A new prediction model could change the way chronic wound patients are treated.

Nigam Shah is an associate professor of medicine at Stanford University. Recently, he began to examine just why people experience different rates of wound healing. For instance, younger people heal fairly quickly compared to the elderly. Additionally, some diseases and other health conditions can diminish the body’s natural healing capabilities.

To better understand this phenomenon, Shah and several colleagues launched an exhaustive study of medical records from a myriad of patients the world over. The results – published recently in the journal Wound Repair and Regeneration – have resulted in a new model for better diagnosing chronic or slow-healing wounds

Diving in

Shah, who specializes in biomedical informatics, recruited fellow Stanford research scientist Kenneth Jung for the lengthy study. Together with a group of graduate students and other assistants, the pair pored over a massive database with some 53,000 patients with a total of 150,000-plus wounds. Examining everything from surgical wounds to diabetic ulcers, the research team focused on a wide array of important variables, including the age of each patient and the dimensions – length, depth and breadth – of every wound.

Breaking new ground

Given the sheer amount of data and number of patients, the researchers placed every participant into one of two groups, according to Stanford’s Scope medical blog. The first was centered on a certain kind of control specifically testing previously unseen data sets. The other group, meanwhile, comprised of patients’ raw data, which the researchers then used to create an all-new predictive model for chronic or slow-healing wounds. According to the study itself, having two groups was instrumental in creating a model that would allow for early and accurate prediction across all wound types and patient backgrounds.

A promising future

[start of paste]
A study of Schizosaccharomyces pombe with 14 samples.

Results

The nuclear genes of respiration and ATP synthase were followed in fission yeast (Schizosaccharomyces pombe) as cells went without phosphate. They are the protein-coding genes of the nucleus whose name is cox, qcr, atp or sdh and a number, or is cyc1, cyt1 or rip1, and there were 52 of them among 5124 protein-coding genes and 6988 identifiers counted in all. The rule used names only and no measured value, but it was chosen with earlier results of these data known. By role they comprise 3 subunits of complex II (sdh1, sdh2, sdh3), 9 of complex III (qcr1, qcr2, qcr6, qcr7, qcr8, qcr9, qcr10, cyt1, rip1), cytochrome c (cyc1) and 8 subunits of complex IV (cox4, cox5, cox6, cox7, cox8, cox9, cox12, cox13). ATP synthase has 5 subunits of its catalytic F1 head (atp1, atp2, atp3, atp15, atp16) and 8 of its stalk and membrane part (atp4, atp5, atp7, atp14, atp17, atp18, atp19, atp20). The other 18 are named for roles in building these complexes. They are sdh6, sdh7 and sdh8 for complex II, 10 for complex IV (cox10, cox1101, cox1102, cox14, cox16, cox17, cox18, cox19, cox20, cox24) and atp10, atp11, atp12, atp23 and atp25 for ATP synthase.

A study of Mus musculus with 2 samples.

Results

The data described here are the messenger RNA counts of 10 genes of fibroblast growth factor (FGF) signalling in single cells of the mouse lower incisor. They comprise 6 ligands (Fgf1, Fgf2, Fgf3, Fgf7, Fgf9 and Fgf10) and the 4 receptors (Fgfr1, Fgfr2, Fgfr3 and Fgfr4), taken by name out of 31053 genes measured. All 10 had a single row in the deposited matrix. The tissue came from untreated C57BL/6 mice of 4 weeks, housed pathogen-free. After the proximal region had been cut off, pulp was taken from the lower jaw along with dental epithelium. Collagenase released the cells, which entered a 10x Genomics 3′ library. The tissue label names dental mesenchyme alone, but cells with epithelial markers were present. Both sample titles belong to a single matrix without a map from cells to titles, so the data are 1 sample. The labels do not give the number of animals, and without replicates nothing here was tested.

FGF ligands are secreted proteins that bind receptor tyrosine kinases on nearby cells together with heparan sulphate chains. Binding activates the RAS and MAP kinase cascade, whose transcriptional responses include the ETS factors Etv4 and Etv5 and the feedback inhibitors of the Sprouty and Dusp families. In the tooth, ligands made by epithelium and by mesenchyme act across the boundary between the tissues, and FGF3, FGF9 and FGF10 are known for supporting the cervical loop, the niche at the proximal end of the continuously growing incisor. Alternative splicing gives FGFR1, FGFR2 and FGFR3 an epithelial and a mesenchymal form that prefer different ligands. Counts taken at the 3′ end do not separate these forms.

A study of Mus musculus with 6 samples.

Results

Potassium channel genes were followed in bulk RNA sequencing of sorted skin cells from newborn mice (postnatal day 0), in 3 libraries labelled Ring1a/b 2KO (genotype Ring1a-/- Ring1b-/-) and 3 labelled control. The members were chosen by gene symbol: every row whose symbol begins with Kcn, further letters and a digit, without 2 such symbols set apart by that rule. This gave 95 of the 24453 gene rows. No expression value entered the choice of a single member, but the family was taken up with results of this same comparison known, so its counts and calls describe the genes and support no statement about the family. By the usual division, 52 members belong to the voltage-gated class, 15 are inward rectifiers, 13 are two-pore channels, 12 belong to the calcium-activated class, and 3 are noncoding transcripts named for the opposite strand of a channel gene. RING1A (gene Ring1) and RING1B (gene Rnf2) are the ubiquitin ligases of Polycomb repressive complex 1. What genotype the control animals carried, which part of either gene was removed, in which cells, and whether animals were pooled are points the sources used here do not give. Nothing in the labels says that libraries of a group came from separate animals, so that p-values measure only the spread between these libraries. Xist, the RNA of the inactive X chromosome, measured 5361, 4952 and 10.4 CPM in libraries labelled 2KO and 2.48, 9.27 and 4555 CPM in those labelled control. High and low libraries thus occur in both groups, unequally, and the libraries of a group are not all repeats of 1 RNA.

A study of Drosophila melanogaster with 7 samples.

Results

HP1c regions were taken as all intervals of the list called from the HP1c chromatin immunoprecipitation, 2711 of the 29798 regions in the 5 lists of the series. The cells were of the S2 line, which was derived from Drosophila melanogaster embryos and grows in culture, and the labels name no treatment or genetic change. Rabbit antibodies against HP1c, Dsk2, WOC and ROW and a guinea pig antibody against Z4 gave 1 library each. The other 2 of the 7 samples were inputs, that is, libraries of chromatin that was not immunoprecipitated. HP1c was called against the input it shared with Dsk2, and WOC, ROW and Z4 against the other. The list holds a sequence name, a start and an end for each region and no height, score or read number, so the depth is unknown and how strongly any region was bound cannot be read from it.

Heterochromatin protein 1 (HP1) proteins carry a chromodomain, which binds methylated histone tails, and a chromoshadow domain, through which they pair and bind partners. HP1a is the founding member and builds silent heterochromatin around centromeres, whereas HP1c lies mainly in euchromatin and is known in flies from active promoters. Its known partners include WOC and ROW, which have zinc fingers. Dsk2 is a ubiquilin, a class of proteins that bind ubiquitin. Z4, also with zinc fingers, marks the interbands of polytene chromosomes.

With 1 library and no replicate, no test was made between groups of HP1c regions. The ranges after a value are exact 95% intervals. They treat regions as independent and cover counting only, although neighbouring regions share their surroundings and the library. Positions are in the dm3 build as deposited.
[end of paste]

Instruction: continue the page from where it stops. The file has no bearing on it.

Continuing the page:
So, just how successful was this new model of early wound healing detection? Of the 100 or so predictors the wound team identified, which includes patient age and wound dimensions, 95 percent of these were used to determine whether a wound was slow-healing or not. Perhaps one of the biggest predictors of a wound’s healing rate was the level of a patient’s palliative care. Additionally, a patient’s age and the depth of each wound were also especially noteworthy. The researchers also noted that the healing rate in the first week of recovery served as a particularly reliable predictor.

If there is one notable downside to Stanford’s new model, it’s that it can be somewhat limited. As the Scope blog explained, the model was developed to fit a single company of wound care clinics, making it suited for that very specific set of clients. However, as the team pointed out in the study, the model itself is still rather adaptable and flexible, and just needs to be configured to each group of new patients.

A need for change

A new predictive model is desperately needed within the greater wound care industry. A 2008 report from the European Wound Management Association found that doctors were missing vital information when diagnosing and treating wounds. While many physicians understood the biological factors associated with wound healing, there remains a distinct lack of understanding of the psychosocial components – like a patient’s emotions or general activities – that can influence the entire process. A separate report from Wounds International noted that it takes approximately four weeks to determine if a wound is healing. WI suggested using a checklist centered on establishing the presence of persistent inflammation, infection and ischaemia. However, all of those predictors may not be available, and that can complicate the prediction and overall healing approach.

It’s worth noting that many of the Stanford team’s findings echo those released in a 2001 study. However, those results – published in the journal Medical & Biological Engineering & Computing – only utilized 300 patient records. A fuller data set, like the Stanford team had, could indicate a much higher success rate among a larger number of people.

Continued quality

Predictive models have the ability to help millions of patients dealing with chronic or slow-healing wounds. But no matter how early the intervention might occur, every patient is still going to require the best medical care possible, which is why patients turn to Advanced Tissue. As the nation’s leader in the delivery of specialized wound care supplies, Advanced Tissue promptly ships supplies to individuals at home and in long-term care facilities.